Get Active, Age Better



This post was featured on Heart on Collective


When we think about aging, we think about decreased mobility, weakness, medications, illness and a lack of independence; however, the truth is that lifestyle is often the culprit, not aging. While there are some exceptions to this statement, for most of us the changes that occur with age are simply the results of years of specific lifestyle habits. If you want to age well, you have to be well … Now! 


It is easy for us to put off making the changes we know we should make because we feel like we have time to regain our health. Personally, I want to travel more and more every year. I want to be able to play with my dogs, play with my friends’ children, hike, climb, swim and explore without having to worry about whether or not I am capable. I am also madly in love with my partner, and I would never want him to be held back by my physical inabilities, or to have to put his life on hold to take care of me because I didn’t take care of myself. Life is short, and I want to get all I can out of it. Being physically active is one way to take whatever control we can over the rest of our lives. Making our health a priority simply can’t wait.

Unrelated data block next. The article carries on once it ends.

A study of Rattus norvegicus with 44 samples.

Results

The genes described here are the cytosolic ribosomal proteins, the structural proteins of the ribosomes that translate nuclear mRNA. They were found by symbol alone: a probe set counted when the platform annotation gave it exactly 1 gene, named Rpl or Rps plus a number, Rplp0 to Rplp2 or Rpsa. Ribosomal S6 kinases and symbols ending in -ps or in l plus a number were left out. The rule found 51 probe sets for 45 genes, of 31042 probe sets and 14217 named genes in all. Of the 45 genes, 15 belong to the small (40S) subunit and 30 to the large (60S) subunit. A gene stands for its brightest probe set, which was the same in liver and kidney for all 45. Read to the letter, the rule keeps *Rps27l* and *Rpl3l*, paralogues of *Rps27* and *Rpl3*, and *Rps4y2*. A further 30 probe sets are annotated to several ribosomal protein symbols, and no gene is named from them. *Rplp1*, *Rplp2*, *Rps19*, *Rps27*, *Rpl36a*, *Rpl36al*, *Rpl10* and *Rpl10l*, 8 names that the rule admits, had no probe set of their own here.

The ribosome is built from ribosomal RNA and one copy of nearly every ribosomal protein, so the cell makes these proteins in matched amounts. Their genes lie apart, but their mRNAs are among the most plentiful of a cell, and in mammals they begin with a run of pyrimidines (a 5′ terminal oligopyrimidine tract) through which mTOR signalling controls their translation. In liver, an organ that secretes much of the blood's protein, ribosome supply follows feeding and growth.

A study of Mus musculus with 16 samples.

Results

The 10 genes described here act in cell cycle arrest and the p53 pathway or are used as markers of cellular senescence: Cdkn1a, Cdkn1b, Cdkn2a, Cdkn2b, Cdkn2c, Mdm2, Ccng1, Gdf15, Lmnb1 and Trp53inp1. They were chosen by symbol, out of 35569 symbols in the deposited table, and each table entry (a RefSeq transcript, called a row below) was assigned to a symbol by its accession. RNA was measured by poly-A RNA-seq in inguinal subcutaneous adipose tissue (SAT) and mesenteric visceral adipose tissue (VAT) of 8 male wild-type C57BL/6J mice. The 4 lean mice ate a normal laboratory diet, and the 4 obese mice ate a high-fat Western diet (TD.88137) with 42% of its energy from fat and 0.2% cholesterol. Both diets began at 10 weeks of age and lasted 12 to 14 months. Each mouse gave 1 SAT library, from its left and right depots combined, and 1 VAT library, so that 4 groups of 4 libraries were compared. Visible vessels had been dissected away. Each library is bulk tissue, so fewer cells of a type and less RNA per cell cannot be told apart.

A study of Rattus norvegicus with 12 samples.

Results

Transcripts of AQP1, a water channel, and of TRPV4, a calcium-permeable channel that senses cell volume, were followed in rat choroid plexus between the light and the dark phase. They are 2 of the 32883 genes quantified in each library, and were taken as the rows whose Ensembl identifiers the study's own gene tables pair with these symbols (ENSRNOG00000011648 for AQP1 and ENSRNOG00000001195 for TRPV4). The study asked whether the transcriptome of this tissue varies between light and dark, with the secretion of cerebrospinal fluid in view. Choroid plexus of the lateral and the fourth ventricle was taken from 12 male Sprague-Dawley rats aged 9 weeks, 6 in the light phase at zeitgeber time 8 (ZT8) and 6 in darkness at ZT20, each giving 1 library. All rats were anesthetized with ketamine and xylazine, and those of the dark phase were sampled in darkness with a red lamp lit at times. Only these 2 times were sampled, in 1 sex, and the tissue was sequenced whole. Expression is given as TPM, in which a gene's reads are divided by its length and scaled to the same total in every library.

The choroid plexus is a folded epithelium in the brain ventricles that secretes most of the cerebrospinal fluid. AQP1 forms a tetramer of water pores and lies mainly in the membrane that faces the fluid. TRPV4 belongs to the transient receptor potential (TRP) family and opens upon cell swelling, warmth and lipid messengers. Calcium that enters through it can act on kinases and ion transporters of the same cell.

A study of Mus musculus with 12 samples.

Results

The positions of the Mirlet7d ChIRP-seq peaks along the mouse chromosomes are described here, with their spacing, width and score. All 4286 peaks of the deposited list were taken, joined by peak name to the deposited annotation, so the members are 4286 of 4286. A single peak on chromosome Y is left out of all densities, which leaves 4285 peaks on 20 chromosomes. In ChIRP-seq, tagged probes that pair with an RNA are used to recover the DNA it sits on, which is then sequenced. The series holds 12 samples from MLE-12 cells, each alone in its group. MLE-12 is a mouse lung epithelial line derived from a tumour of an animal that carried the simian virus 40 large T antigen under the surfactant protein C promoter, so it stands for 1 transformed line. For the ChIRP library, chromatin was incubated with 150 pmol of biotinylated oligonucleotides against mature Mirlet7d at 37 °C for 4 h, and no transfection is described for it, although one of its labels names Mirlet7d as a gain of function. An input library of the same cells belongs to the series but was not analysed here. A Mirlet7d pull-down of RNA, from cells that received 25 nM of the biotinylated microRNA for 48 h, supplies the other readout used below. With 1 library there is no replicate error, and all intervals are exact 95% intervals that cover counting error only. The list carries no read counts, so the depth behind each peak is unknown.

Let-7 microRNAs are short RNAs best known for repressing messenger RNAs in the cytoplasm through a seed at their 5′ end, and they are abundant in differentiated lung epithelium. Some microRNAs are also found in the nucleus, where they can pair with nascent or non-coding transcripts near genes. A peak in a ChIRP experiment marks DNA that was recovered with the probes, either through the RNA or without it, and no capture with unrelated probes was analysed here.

Scientifically speaking, we know that many critical aspects of our physical health decline with age. We also know, there are some things we can do to help. For instance, aerobic capacity (our ability to sustain a certain level of aerobic activity for a certain length of time) declines by one per cent every year once we turn 25. If we do not participate in regular aerobic activities to at least break even at the end of every year, then our aerobic capacity will decline until it slips below the minimum amount of oxygen uptake required to live independently. This means that with every passing year, more activities like shopping for groceries, walking up stairs, and even having sex will become harder to do.


Similarly, muscular capacity (the endurance, strength, and power of our muscles) also decreases as we age due to sarcopenia, loss of muscle mass. Research suggests this can begin as early as in our 30s, and the rate of loss increases with every decade, and with menopause. Much like our aerobic capacity, we must participate in muscle building activities to ensure we leave each year with at least the same amount of muscle mass as the year before (if not more). If we do not maintain our muscle mass, daily activities like getting on and off the toilet become increasingly difficult. The inability to perform these daily tasks can mean independence is lost.


So what can you do to prevent the loss of your muscular and aerobic capacity for as long as possible? According to the Canadian Society of Exercise Physiology (CSEP), the biggest predictors of healthy aging for women are hip flexibility and grip strength, in addition to current oxygen carrying capacity. For men, the two biggest predictors are grip strength and push up capability, in addition to oxygen carrying capacity.  This means both men and women should create fitness plans that target these areas.


Want to know how you measure up? Contact a CSEP trainer in your area for an assessment. This is a great way to create health and fitness related goals focused on healthy aging.